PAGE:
Bits and Pieces


Part of getting back to the business of living, getting through the grief we’ve been feeling in this last week, has been to make plans, to reinstitute some structure in our lives. I sketched out a meal plan last weekend for this week’s dinners, with Monday’s ratatouille, and Tuesday’s comforting tortellini en brodo, with leafy greens swimming in the rich chicken stock Mike made earlier that day. Wednesday’s dinner plans got derailed early on, the result of some unexpected schedule changes, but I felt confident that I could put something together when I got home from work.

chard and chile

I had picked up some beautiful broccoli at last Saturday’s farmers’ market with the hopes of turning it into a batch of my friend Maria‘s Roasted Bagna Cauda Broccoli and serving it over farro, but when I pulled it out of the crisper it was long gone. My fall-back-and-punt had turned into a failure before I even got started, but I didn’t want to cave and order takeout – I wanted to cook a good, wholesome dinner at home. So I pulled out the chard I was saving to use in soup later in the week, carved it up in my usual manner, and sauteed it with olive oil, good, meaty anchovies, plenty of garlic and slivers of fresh red chile peppers.

Dinner: September 22, 2010

I tossed it all with just-cooked farro linguine, added a shower of parm, and dinner was served. And it was only today that I realized that I made nearly the same simple, comforting dish about 2 1/2 years before.

7 thoughts on “Bits and Pieces

  1. Farro linguine? I’m not sure we have it in Augusta, Ga., but that dish would be my ultimate comfort food…greens/pasta/sauce! You rock! I’ll have to check our EarthFare for the farro linguine.
    The other thing we can’t get here is escarole which shows up in so many Italian soups, etc. (I bet you get tons at that amazing market you hit on the weekends.) Thanks so much for posting a beautiful photo. I’m with you…stubborn about making a meal and not doing delivery/takeout!
    Thinking of you and glad you’re posting…

  2. Meredith says:

    One of my all-time favourites when I’m down in the dumps. So good.

    I’ve been a long-time (silent) fan of your blog, and I just wanted to tell you how very inspiring and lovely it is and how happy I am that you’re posting again.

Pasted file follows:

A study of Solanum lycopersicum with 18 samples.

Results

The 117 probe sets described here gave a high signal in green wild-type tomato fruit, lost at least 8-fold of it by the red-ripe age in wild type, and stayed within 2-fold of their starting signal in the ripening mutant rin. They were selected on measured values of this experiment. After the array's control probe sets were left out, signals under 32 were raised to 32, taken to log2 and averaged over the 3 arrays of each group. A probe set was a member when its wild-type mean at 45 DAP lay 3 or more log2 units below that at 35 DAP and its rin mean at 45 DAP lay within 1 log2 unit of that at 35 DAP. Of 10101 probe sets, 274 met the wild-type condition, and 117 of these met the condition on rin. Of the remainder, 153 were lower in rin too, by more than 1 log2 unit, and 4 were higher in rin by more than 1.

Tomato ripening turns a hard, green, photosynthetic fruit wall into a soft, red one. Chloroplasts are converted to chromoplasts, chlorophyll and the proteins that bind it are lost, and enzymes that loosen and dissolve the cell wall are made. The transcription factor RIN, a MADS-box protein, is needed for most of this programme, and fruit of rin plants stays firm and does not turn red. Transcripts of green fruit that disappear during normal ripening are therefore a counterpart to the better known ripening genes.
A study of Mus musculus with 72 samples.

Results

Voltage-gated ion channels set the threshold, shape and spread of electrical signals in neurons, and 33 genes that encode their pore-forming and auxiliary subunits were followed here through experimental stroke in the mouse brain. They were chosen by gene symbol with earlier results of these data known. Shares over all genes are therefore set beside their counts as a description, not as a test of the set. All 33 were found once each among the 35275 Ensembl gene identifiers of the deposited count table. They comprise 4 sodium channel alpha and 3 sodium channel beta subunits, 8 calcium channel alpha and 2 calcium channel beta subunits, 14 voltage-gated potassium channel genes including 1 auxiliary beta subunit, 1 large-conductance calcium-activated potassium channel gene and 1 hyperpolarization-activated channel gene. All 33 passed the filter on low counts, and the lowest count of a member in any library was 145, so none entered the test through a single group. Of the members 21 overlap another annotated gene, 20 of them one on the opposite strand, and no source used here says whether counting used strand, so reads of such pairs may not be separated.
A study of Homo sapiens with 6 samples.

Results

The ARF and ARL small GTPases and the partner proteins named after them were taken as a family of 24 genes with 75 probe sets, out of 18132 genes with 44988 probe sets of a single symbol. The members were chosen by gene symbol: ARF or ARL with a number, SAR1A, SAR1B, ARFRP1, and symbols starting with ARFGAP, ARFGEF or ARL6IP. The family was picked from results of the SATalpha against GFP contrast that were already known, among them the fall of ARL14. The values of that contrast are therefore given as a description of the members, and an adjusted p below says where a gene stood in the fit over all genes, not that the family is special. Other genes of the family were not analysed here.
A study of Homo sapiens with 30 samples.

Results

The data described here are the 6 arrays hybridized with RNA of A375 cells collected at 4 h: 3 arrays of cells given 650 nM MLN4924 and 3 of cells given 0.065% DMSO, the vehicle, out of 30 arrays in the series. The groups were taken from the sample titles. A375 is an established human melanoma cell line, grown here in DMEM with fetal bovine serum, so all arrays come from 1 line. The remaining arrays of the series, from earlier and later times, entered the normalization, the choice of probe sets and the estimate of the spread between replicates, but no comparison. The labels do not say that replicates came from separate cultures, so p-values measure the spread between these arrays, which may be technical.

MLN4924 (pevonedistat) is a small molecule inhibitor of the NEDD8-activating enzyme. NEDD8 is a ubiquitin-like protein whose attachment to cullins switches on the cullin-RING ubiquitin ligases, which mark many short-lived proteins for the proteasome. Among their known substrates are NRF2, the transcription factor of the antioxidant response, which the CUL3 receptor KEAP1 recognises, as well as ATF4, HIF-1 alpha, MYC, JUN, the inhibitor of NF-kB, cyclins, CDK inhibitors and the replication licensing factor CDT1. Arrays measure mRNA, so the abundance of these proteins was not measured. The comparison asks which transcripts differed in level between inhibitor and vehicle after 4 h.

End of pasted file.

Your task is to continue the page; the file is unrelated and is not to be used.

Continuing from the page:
3. Isn’t it funny how when normal returns, it returns with a bang?

    Also just wanted to say that I only just read your post about Kali on, and it was so beautiful and sad. I’m ever impressed how you can put your thoughts into words, not to mention putting them into nutritious food–and then photos and words.

  4. I dreamed about chopped up chard stalks, your fault.

    Another thing I do with them, once the leaf is stripped from the stem (for chard gnocchi, say): Blanch the stems, then lay flat in a roasting pan and drizzle over about 3 Tbsp olive oil in which about…6 anchovies have melted with some crushed cloves of garlic. And a squeeze of lemon. Roast for 30 minutes at 400’F

    It’s divine. Sort of asparagussy.

  5. Jennifer Hess says:

    Karin – we love farro pastas, and are lucky we can get a good variety of them from our favorite shops on Federal Hill. If you can’t find them elsewhere, I know Rustichella d’Abruzzo sells theirs online. We prefer the flavor and texture to whole wheat pasta for sure. And thank you :)

    Jessamyn – it worked out well in the end, but I really wanted that broccoli! Soon enough.

    Meredith – thanks so much, and it’s nice to “meet” you!

    Cara – thank you so much.

    Marie – oh *swoon* that sounds good. You are my sister in the garlic and anchovy love ;)

  6. Dear Jennifer, I’m feeling a bit like a heel having commented earlier on your tweet “and then there were two” as I was woefully behind on reading the blogs i follow and only this evening read about Kali’s passing. I apologize if my gleeful “new kitty?” response seemed insensitive , believe me when I say that to the contrary I still have tears in my eyes as I type this note. My husband and I have only furry feline children ourselves and last year when you were posting about Kali’s illness I immediately recognized that you and your husband were kindred spirits, as people who were going above and beyond to care for her. It’s why I even sent a small contribution to help. We have been there ourselves with our elderly cats and know the heaviness that comes from finally reaching the point where there is nothing left to do for them except to let the go. So please accept my most heartfelt condolences on the loss of your beautiful Kali cat. I am glad that the cloud of your grief is lifting. WHen you do reach that point when you are able to perhaps get a new kitty, I have no doubt that it will be very lucky to have found such a caring and loving home.